The Commercial Rent (Coronavirus) Act 2022 (the “Act”) came into force on 24 March 2022, which introduced an arbitration scheme to resolve disputes between landlords and tenants concerning Covid-related rent arrears.

However, despite there only being a 6 month window in which these rent arrears can be referred to arbitration under the Act, we have only just now started to see cases making their way through the process.

The following is a brief summary of the three known arbitral awards that have been made to date.

Signet Trading Limited Applicant and (1) Fprop Offices (Nominee) 4 Limited (2) Fprop Offices (Nominee) 5 Limited

In this case, the tenant sought relief from payment of a protected rent debt in relation to its registered office.

The tenant operated retail stores across the country and on 23 March 2020, as a result of COVID-19, it was forced to close these stores.

Under the Act, the rent due is only a “protected rent debt” where the whole or part of the business carried on at the relevant premises, or the premises itself, was subject to a Government-mandated closure requirement.

The tenant submitted that the premises in question were subject to a closure requirement, as a result of a regulation that required retail shops to close.

The tenant further submitted that because its business was a retail business, and the purpose of the premises in question was the support of that retail business, the regulations also applied to the (office) premises in question.

However, unsurprisingly, the arbitrator found that the tenant was not offering goods for sale in a shop from the relevant premises and that the regulations never imposed any closure requirement on offices.

The referral was accordingly dismissed and the tenant remained liable, in full, for its arrears at the premises.

Commerz Real Investmentgesellschaft mbH and RHL Realisations 2022 Limited (formerly Rush Hair Limited)

Here, the landlord asked the arbitrator for a ruling that the tenant was not entitled to relief under the Act because its business was not viable (under any circumstances) and the granting of relief could not, therefore, preserve the viability of the tenant, as required by the Act.

During the course of the arbitration, the tenant entered into creditor’s voluntary liquidation.

The landlord submitted that the tenant was in good financial health at the time of the landlord’s formal proposal, given that it had allegedly already paid legal fees of approximately £30,000 in relation to the dispute.

However, the tenant’s accounts also showed that it owed creditors sums in excess of £9 million.

The arbitrator found that the tenant’s business was not viable and would not become viable, even if relief from payment of the £81,000 rent debt was granted.

The arbitrator noted that the tenant had entered into creditor’s voluntary liquidation and therefore must have been insolvent – the tenant had also subsequently stopped trading and there was no realistic prospect of its business continuing.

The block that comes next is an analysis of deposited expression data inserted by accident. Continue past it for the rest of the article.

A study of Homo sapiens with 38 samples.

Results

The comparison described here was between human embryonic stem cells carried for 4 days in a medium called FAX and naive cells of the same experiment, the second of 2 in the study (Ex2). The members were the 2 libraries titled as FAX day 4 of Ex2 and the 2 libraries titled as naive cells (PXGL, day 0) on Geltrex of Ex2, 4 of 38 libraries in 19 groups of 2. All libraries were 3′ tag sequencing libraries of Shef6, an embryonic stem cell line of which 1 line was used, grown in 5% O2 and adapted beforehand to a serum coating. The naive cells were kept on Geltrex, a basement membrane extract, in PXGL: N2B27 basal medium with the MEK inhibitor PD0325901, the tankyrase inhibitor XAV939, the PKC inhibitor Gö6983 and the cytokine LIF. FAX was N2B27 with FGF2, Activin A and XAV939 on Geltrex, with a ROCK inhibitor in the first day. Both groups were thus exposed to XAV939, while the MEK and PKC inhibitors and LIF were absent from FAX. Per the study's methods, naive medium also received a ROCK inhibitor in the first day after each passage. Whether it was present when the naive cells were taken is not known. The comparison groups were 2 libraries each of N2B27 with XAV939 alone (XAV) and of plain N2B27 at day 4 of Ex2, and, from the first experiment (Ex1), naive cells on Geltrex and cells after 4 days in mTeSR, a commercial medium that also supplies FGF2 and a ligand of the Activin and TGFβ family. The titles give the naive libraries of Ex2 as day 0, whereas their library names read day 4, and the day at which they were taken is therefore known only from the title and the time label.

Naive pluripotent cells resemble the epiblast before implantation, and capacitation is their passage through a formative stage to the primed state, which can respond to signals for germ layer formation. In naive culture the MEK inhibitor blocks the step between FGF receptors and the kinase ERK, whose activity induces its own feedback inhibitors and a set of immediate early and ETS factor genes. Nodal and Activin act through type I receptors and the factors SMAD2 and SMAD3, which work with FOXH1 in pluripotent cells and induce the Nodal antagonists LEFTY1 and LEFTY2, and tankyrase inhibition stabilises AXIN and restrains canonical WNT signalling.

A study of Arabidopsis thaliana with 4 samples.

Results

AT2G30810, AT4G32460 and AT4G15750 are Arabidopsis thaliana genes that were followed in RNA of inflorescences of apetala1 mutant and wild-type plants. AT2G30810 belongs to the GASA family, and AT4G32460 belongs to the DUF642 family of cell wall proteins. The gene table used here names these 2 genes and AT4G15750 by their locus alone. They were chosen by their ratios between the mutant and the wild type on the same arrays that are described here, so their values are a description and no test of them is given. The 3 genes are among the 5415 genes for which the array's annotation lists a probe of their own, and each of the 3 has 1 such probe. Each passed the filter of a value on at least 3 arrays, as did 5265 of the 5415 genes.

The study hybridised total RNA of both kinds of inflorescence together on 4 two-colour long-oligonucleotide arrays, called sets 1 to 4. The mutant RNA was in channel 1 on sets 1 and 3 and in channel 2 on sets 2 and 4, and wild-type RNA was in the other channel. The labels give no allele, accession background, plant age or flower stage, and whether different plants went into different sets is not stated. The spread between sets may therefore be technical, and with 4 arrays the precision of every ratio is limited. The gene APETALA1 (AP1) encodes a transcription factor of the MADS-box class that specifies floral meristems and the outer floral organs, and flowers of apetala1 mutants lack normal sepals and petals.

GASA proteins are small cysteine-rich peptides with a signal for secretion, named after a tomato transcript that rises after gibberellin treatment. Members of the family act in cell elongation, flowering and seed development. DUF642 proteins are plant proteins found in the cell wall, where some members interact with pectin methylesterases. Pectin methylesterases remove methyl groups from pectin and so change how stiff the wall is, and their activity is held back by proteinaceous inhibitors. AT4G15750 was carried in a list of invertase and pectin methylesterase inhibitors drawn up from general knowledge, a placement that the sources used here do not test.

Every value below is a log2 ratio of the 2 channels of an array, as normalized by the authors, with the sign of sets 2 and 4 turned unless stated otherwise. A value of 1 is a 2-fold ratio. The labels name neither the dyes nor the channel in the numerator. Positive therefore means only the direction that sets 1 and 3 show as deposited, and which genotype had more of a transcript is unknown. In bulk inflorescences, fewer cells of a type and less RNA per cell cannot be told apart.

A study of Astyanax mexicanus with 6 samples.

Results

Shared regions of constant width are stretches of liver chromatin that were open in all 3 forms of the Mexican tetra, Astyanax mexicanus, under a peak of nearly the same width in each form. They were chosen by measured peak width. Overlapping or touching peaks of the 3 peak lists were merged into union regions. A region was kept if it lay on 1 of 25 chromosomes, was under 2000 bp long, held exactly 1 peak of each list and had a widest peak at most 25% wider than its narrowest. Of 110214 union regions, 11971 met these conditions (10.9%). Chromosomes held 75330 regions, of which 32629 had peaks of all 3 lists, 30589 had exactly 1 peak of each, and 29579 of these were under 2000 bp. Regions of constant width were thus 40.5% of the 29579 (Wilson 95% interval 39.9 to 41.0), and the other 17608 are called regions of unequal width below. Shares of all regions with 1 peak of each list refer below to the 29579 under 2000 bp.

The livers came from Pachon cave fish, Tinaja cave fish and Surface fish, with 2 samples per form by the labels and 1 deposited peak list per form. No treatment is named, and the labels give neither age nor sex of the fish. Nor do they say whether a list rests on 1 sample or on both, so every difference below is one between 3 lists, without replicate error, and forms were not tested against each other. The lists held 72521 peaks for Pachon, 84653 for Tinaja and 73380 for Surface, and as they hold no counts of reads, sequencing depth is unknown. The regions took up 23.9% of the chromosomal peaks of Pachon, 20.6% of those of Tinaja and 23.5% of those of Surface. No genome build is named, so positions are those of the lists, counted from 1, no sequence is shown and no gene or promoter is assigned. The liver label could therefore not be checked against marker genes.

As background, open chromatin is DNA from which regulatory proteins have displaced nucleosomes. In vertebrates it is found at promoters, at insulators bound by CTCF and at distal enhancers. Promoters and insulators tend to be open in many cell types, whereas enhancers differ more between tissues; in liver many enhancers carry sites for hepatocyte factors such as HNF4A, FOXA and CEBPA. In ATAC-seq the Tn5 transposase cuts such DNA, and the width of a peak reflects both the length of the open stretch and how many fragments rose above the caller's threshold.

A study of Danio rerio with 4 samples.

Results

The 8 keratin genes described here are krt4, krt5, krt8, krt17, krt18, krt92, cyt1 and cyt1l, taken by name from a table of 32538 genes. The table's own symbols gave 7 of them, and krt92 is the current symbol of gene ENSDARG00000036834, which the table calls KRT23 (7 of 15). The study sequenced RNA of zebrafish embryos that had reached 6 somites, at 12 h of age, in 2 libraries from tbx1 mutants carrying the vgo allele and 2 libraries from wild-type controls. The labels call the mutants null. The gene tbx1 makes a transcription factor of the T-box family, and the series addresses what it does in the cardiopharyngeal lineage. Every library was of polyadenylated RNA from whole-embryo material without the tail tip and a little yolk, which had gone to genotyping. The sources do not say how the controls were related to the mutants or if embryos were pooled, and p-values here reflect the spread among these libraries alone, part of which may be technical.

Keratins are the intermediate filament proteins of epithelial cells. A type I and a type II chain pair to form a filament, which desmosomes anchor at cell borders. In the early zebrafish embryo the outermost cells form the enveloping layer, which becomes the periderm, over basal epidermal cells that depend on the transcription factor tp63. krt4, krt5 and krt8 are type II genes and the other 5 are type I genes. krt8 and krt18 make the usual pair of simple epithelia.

The referral was dismissed and relief from liability for the rent debt was not granted.

KXDNA and 60 SA Limited

This award related to a procedural aspect of the Act, and is not the final outcome of the arbitration.

Section 11 of the Act requires any reference to arbitration to include a formal proposal for resolving the matter of relief from payment. Each party is also able to put forward a revised proposal within 28 days of its initial proposal.

In this case, the tenant proposed to pay £407,000, whereas the landlord’s proposal was that it would be prepared to receive £1,354,527.

The landlord relied on an expert, who attested that the tenant could pay the higher sum while preserving its viability.

In his report, the expert made a few arithmetical errors that were notified to the arbitrator by the landlord.

In accordance with its powers under Section 34 of the Arbitration Act 1996, the arbitrator ordered that the landlord could amend its initial proposal to correct the arithmetical errors, provided that such “corrections” did not amount to a substantive change to the methodology, as to do so would involve making a revised proposal under Section 11.

Notwithstanding this, the landlord submitted an amended proposal which sought to make such substantive changes

This partial award considered the status of the landlord’s disputed proposal – namely, whether it was a revised proposal under Section 11 (as the tenant contended) or an amended initial proposal permitted by the arbitrator’s procedural order (as the landlord contended).

Following submissions from the parties, the arbitrator concluded that, while the disputed proposal was not an amended initial proposal (as it failed to meet the clear requirements of the procedural order), it also did not amount to a formal proposal at all, as it was not “expressed to be made for the purposes of Section 11”.

The landlord could therefore submit a revised proposal in due course.

Comment

There is a rapidly-shrinking window within which Covid-related rent arrears can be referred to arbitration under the Act. As such, we anticipate that more awards will be published in the coming weeks.

In the meantime, landlords and tenants should be aware that the current deadline for arbitration referrals is 24 September 2022 (albeit, given the notice requirements in the Act, the process must be initiated by 27 August 2022 at the latest).